With us today is Max Gasparini, an artist who has made humanity the centre of his research. His Muses, seductive and ambiguous as sirens, rise to true apparitions, between lyrical accents and expressionist suggestions.
Your poetics is characterised by an extremely material research. Tell us how you arrived at the development of a style that manages to blend lyricism and almost expressionist traits. Tell us about your training as a man and as an artist.
The abandonment of classical formal rigour, which accompanied me in my private artistic activity, came with the need to exhibit and thus enter the art world. Drawing, painting with egg tempera, and the love for sculpture (which I had never practised) were transfigured in the encounter with materials. Thus sculpture became the use of plaster and stucco and drawing the decisive, sometimes expressionist strokes of black acrylic. My love for Dürer and his engravings merged with the primordial brutality of Burri's materials, the gestuality of informal art with an idea I have of randomness in Rauschenberg. I found lifeblood in black and white, and the gestural in the rigour of form. It is my balance, where the instant of a gesture breaks the formal soul of a subject with splashes and drips.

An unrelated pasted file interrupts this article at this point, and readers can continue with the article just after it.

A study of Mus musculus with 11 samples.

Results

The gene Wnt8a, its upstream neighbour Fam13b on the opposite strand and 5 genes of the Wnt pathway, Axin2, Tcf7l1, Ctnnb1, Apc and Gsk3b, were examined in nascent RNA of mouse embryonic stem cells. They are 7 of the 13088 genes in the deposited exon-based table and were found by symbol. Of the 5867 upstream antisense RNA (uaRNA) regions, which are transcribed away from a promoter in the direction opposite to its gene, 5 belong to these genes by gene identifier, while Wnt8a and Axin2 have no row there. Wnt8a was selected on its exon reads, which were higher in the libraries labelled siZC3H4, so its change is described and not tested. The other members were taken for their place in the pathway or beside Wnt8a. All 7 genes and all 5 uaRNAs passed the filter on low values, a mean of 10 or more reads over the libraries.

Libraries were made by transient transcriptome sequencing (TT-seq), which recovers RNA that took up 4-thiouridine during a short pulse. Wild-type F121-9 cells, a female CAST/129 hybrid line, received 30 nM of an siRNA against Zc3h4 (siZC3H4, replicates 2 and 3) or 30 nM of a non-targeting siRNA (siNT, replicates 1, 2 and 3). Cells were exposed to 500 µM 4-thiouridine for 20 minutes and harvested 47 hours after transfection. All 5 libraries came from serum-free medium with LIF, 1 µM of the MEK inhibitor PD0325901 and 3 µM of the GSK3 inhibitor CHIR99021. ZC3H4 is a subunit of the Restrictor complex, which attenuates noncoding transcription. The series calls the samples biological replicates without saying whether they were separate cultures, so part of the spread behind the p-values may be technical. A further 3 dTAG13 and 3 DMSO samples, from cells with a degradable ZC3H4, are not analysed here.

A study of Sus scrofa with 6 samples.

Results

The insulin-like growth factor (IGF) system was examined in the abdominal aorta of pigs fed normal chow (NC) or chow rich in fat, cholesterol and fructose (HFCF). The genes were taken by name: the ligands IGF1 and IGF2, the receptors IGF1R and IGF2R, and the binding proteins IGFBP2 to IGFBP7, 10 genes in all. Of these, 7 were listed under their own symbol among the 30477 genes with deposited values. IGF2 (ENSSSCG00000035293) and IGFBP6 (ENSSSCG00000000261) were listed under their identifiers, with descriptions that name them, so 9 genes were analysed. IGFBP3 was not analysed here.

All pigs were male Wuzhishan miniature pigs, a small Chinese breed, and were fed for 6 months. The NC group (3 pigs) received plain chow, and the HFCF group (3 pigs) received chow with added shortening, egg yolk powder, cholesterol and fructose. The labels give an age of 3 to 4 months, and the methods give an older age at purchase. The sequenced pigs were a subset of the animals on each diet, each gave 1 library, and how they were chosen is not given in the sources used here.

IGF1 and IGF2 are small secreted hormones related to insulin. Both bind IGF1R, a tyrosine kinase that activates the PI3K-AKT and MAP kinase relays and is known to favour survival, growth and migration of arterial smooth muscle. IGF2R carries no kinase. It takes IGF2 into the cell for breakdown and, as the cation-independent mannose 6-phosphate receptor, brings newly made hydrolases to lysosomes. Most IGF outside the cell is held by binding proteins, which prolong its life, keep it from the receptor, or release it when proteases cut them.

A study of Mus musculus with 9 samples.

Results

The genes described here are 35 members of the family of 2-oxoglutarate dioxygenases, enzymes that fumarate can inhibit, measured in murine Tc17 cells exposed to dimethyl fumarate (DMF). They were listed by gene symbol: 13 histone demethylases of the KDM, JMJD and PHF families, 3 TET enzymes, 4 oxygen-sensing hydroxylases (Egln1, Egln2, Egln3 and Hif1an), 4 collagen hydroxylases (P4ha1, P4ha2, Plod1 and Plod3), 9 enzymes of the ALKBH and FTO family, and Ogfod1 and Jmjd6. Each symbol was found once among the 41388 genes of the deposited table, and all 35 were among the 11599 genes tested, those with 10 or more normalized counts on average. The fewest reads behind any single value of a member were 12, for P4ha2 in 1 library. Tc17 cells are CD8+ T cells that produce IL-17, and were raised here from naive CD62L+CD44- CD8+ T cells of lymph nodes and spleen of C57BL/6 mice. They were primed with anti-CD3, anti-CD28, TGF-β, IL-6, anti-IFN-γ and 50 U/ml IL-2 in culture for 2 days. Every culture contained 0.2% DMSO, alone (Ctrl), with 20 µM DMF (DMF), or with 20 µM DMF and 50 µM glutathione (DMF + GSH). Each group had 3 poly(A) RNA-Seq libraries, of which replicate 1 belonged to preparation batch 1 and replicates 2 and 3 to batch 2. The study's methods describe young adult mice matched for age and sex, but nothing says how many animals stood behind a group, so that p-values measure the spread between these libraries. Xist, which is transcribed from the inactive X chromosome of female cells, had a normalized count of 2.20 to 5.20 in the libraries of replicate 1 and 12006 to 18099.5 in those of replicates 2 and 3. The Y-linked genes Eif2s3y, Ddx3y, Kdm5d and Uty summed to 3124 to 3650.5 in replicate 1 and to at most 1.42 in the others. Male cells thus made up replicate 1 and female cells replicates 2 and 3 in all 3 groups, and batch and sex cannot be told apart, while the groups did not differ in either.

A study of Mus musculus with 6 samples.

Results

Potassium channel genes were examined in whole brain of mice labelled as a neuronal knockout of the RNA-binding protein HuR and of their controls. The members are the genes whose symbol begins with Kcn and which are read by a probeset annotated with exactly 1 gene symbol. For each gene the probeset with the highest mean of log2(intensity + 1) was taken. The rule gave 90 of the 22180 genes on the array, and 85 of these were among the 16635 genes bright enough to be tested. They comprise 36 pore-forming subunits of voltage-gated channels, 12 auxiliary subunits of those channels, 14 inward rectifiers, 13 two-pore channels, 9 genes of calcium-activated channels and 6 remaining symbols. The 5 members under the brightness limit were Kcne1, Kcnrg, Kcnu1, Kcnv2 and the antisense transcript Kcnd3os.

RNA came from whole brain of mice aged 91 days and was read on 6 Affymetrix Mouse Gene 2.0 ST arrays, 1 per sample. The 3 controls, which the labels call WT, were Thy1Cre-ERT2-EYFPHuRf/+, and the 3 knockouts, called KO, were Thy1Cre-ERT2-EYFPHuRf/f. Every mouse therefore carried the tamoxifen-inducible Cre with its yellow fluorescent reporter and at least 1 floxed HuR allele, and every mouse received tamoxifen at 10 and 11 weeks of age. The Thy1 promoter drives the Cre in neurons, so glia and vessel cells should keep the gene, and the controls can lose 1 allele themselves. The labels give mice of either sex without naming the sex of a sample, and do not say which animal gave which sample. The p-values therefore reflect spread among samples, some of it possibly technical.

The women you portray are mysterious and fascinating apparitions that call us to listen to our inner selves and speak to the viewer through ancient whispers. Who are these female figures? Are they real? Archetypes? Ideals?
My woman's face, whether introspective or looking elsewhere, is an archetype of the whole, fragmented, torn, precarious, dripping like a wax statue: I want to reassure and reassure myself that this is how it is, an inevitable Vanitas.
Your canvases - or rather - your jute, seem to draw lifeblood from the contrast. On the one hand we have subjects characterised by an ethereal and timeless beauty, on the other an extremely minimal palette and formal experimentation with 'poor' materials. How do you manage to merge these two extremes and come up with such a touching result?
The use of materials that have already been experienced, therefore already deformed, broken, and from time to time 'stitched up' gives me a new possibility. The initial choice of support, be it cardboard, sheet metal or a jute sack is the main challenge...the face or body that will emerge will be a mediation with it, and will leave its indelible traces with a break, seam or rust. The final vision is thus less tied to my action, finding more possibilities of vision.